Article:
Saturday marked the first performance of the Macon Symphony Orchestra with its newly appointed conductor and music director, Ward Stare. As part of his commitment to music education, he gave a 20-minute informal talk of his perceptions of the pieces on the program, and followed it by taking questions from those in attendance. This was held in the hall at the Grand Opera House one hour before the performance.
I usually think going to a lecture is something that stretches my intellect but is not particularly fun. Stares was both informative and fun regardless of how much or little musical background the participants possessed. He will be doing this before each concert, and I would highly recommend trying to make it a regular part of your evening at the symphony. His sometimes self-deprecating wit and charm allows us to see the man and not just the conductor, just as he helps the listeners to see the inner workings of the orchestra and its repertoire.
The performance was his first as a fully independent music director, so he chose three of his favorite pieces to commemorate the day. Truly great music holds appeal through time and distance and is as fresh and alive in the year of its composition as it is hundreds of years later. So it is no surprise that Stares choices were also on most of the audiences favorite play lists. Stare brought us a performance that held a great deal of passion yet required considerable skill on the part of the musicians.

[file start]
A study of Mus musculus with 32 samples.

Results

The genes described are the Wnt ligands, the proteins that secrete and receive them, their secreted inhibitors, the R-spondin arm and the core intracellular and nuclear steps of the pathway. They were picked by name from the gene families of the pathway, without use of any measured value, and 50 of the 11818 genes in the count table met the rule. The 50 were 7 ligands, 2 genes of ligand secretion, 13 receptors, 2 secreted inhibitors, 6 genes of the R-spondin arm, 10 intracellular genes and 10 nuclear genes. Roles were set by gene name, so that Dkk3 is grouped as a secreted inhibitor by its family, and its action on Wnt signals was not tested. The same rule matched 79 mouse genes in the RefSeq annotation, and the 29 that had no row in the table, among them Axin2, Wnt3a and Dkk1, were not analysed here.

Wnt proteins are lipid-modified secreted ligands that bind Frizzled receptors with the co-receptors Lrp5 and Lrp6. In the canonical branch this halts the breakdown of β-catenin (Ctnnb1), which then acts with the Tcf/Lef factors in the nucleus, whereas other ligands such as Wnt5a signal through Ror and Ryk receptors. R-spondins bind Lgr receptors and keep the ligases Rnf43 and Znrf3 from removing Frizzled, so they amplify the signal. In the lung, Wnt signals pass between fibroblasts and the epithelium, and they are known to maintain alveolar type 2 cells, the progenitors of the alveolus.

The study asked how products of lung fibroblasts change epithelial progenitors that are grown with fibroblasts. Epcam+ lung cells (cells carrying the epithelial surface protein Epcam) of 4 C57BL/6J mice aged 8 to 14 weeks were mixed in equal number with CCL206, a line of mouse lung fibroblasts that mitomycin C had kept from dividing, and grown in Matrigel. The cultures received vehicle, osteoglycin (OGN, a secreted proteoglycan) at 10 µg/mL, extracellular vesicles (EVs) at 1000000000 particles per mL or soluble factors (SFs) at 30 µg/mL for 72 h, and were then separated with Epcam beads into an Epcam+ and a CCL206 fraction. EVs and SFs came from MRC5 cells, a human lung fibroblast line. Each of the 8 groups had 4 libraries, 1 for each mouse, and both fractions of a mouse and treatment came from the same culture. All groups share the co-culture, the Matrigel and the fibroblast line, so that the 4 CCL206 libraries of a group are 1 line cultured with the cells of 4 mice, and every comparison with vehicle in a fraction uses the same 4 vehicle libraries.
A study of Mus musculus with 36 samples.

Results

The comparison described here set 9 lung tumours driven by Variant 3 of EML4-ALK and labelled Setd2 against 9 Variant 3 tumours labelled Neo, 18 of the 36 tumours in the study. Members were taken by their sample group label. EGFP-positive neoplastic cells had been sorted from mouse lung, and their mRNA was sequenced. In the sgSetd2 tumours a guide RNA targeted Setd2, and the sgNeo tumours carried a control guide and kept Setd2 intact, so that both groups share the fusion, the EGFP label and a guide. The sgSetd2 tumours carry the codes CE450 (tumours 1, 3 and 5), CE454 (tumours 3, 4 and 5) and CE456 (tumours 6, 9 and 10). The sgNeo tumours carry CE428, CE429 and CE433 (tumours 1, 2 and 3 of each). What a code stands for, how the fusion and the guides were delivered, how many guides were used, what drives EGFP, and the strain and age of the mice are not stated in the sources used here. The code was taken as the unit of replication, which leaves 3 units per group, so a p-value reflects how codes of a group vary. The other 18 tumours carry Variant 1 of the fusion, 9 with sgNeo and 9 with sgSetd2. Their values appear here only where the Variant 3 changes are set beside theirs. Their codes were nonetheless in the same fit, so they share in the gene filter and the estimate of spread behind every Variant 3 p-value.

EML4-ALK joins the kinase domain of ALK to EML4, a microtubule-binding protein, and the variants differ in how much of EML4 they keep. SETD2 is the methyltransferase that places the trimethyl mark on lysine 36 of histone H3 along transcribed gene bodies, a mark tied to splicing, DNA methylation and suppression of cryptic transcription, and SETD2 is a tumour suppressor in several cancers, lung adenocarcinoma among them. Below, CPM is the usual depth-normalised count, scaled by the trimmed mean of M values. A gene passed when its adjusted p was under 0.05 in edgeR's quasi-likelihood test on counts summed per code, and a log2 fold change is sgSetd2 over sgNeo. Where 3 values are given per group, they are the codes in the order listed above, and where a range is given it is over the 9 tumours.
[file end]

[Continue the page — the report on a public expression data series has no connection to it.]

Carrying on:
The opening work was Richard Strauss tone poem, Don Juan. This piece is programmatic, which means the composer had a story in mind. In this case, the story is a poem about the amorous Don Juan, a man who loved women to distraction (or destruction as he is portrayed in Mozarts opera Don Giovanni).
The MSO, under Stares baton, gave a spirited performance that was sensitive to the programmatic intent. This piece is known for its technical difficulty and provided an excellent showcase for both conductor and orchestra. For the most part, the treacherous passage work was very well done.
The Beethoven Triple Concerto was next on the program. This is not performed as often because it requires three soloists instead of one. All three soloists must be accomplished musicians and must work and communicate well together to present a unified and balanced performance.
Stare tapped the newly formed Cortona Trio for this honor. The members of the trio are violinist Amy Schwartz Moretti, cellist Julie Albers, and pianist Elizabeth Pridgen. These three young soloists provided not only technical expertise, but a successful fusion of musical ideas and considerable panache.
The final work was the longest of the program, but so very familiar as to be universally loved in both classical music circles and even popular music of the mid 1900s. Tchaikovskys Fifth Symphony proved to be the crown of the evening. This performance was both well paced and truly Russian in its emotion and sentimentality. The multiple solos for orchestra members or sections were predominantly well done. Stares conception of the slow movement was particularly good.
MSOs new conductor has a good and varied repertoire of conducting gestures that elicited proper responses from the orchestra. Being essentially without a conductor for the past two years, it is good to hear once again all that the Macon Symphony Orchestra has to offer under unified leadership. This bodes well for things to come.